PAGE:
Thomas C. Woodson
(c. 1790-c. 1879) was an African American whose first known appearance in the documentary record is in a deed of 1807 in Greenbrier County, Virginia (now West Virginia).Shortly after 1820, he left Virginia for Ohio, where he lived for some years in Chillicothe and afterward in nearby Jackson County, where he was a very successful farmer.He
wife Jemima raised a family of eleven children, many of whom became ministers or educators.
The strongest evidence supporting Thomas C. Woodson's connection to Monticello
is the enduring oral history in the Woodson family.In the 1970s descendants of Woodson
, through five of his
children, renewed contact with each other for the first time in several generations.They learned that they preserved a family history that was almost identical in its basic statements, including that Thomas Woodson
was the son of Thomas Jefferson
and was sent away from Monticello
at some point in his boyhood.
...No document has yet been found to link Thomas C. Woodson with Monticello, Sally Hemings, or Thomas Jefferson.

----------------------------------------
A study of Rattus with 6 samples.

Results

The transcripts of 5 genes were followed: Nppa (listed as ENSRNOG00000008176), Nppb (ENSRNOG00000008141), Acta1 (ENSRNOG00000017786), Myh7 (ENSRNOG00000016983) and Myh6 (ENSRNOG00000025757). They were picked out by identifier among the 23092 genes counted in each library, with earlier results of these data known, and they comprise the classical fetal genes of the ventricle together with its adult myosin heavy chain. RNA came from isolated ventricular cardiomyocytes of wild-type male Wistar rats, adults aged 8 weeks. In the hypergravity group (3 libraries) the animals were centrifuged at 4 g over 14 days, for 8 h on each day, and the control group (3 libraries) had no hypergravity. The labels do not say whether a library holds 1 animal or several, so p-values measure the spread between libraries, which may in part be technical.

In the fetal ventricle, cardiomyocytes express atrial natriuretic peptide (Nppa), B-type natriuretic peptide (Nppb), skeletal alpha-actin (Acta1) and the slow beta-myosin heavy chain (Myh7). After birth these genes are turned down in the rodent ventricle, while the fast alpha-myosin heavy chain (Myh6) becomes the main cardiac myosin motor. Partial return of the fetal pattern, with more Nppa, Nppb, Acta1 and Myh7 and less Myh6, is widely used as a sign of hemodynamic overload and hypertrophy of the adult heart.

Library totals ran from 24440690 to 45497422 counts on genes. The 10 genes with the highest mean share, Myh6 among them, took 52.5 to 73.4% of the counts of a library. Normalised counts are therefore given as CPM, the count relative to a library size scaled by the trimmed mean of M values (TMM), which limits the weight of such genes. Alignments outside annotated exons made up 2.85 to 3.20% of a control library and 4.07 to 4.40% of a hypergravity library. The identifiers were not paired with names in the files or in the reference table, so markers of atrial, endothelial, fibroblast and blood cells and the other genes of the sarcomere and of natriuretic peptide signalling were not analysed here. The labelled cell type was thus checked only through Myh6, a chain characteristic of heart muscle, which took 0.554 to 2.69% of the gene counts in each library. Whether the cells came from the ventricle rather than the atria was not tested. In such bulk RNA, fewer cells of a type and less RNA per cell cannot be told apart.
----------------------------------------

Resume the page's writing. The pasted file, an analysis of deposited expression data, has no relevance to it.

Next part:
The testimony of Sally Hemings's known son Madison is in conflict with the identity of Thomas Woodson
as her son.
If Thomas C. Woodson
was Sally Hemings's son born in 1790, he
would have been a father at sixteen and a landowner at seventeen; his
wife would have been eight years older than he
.While this is not necessarily impossible, it would have been highly unusual.
The 1998 DNA study indicates that Thomas C. Woodson
was not Thomas Jefferson's son.
Based on all the information available to us at this time, the committee cannot establish that Thomas C. Woodson
was the child of Sally Hemings -- despite a compelling oral tradition that almost certainly dates to Woodson's lifetime.